Letting Go, Creating Space

Last Saturday a number of us from the condominium helped clear the communal area of overgrown bushes and trees. A tree surgeon cut down a fig tree and an apricot tree; pine trees were heartily trimmed as we worked together to fill a truck with the cuttings and generally tidy up.

Something special came out of those few hours of collaboration. Besides the evident aesthetic improvement and the camaraderie induced in working towards a shared goal, space was created for whatever may come next.

Thinking about the Zen tale of emptying the bowl to be ready to receive more, the room left by the trimmed branches in a sense stands as a reminder of the need for openness, a beginner’s mind as it is often referred to, if we desire to expand ourselves.

The overgrown trees perhaps parallel beliefs and associated emotions accumulated over the years, passed on to us from our parents or given as criticism by those in authority. They might no longer be relevant to our present, yet they fill our bowl and inhibit development. Their examination and eventual release would provide space for new ideas to be explored and possibly developed.

Just because a high school teacher mocked our artwork, for example, it does not mean we should not attend a class in creative drawing today if we so wish. The fun of participation might itself be reason enough to enroll and let’s not forget the teacher all those years ago was referring to our abilities of then, not of this moment in time.

“Make your mind as vast as the sky and you will find that the waves of afflictive emotions have lost all the strength you had attributed to them.”

-Matthieu Ricard

Happy Holidays.



10 Responses to Reflections

  1. Dawn says:

    Let us remember that teachers are oft limited to their perceptions of others. We must trust our own eyes, feel the glory of what our own hands are capable of, and listen to our hearts desire.

    Also, thank you for the great post!

    • bgdtcoaching says:

      Following our intuition, believing in ourselves and reaching out does take courage, but bowing to the limitations of others only keeps us small. Thanks Dawn, I think you’re so right in what you say. Someone once said we have to learn to see with our heart, listening to our hearts desire is up there as similar great guidance.

  2. Great post Brian,
    I often work with clients to clear their clutter (not just in their homes or offices, but also in their minds), so as to create the space for new exciting gifts to appear. Very therapeutic process. Hx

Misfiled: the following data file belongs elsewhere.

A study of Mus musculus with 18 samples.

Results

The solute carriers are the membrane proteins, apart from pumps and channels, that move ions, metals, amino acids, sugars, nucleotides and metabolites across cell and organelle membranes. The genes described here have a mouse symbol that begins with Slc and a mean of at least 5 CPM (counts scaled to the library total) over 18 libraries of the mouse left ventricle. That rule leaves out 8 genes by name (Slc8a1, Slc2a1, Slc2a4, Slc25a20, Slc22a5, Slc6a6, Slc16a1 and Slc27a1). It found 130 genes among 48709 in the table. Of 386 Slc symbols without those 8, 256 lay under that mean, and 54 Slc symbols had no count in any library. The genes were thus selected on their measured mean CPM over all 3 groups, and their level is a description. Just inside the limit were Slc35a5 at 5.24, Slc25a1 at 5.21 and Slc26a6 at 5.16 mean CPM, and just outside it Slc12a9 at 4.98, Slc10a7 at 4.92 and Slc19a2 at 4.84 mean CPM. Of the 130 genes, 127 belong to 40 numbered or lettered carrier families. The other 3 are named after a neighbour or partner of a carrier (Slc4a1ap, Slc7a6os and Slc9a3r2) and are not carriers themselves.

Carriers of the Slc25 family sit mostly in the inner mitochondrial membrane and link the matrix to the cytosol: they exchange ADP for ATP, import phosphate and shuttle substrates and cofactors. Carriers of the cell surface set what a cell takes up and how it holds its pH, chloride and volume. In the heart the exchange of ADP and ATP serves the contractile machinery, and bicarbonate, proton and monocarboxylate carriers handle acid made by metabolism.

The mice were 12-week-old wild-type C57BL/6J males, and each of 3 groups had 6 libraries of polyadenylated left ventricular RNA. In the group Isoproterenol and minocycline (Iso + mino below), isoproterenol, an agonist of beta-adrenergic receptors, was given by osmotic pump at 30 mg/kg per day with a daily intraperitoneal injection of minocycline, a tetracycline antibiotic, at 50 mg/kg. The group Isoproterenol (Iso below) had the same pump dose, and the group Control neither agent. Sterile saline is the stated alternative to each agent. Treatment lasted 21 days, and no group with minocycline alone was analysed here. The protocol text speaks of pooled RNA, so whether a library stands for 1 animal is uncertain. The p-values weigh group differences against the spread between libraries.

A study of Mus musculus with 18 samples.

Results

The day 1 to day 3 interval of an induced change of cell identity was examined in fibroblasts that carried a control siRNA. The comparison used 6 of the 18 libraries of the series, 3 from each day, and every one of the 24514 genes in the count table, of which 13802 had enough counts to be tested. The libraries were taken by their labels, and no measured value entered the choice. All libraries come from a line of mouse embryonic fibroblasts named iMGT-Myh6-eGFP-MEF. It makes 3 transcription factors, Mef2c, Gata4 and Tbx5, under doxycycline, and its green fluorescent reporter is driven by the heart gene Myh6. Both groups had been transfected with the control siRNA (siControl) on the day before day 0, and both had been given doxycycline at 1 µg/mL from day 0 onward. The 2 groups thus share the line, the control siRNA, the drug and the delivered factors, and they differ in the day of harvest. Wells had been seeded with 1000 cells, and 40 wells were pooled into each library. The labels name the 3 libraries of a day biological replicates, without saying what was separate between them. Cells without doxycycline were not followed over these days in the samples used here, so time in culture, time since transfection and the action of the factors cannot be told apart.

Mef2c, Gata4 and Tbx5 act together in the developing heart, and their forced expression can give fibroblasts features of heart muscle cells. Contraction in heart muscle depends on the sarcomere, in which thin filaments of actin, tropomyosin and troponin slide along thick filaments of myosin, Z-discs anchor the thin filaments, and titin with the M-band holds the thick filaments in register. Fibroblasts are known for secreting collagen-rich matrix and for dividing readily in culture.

• bgdtcoaching says:

      Thanks Heather, it’s good to see you here. I really appreciate your kind words and thoughtful input. Do you find decluttering, whether physical or mental, also helps clients focus on what is important to them as they go through the process?

  3. Cyndi says:

    Great post Brian. This is something I need to be reminded of often. There are lots of dead branches in our thought processes. We have to take the time to identify them, re-frame them and move forward. It’s no less essential than your tree-trimming party. Out with the old, in with the new. I love spring! 🙂

  4. bgdtcoaching says:

    The satisfaction from ‘clearing the decks’ is great, isn’t it? And spring is such a good time of the year for this. Thanks for the comment Cyndi, it sounds like you are moving forward with great strides. I have a mental picture of you as a sunflower, turning to the warm rays in full bloom.

  5. Cyndi says:

    I do enjoy the sun, especially when I’m on a beach at the ocean (personal happy place). 🙂

    • bgdtcoaching says:

      I too love being on the beach. For me its that sense of freedom coming from the space offered by the sea itself. In the words of an old English song: “Oh I do love to be beside the seaside, oh I do love to be beside the sea…”

  6. Dawn says:

    Expansive. Vast. Nothing like a visit seaside to charm the feeling of “at one with life” that calls.


  7. bgdtcoaching says:

    Nice. Hearing the waves break against the shore, watching the seagulls soar, feeling the sun warm our souls after the long, cold winter.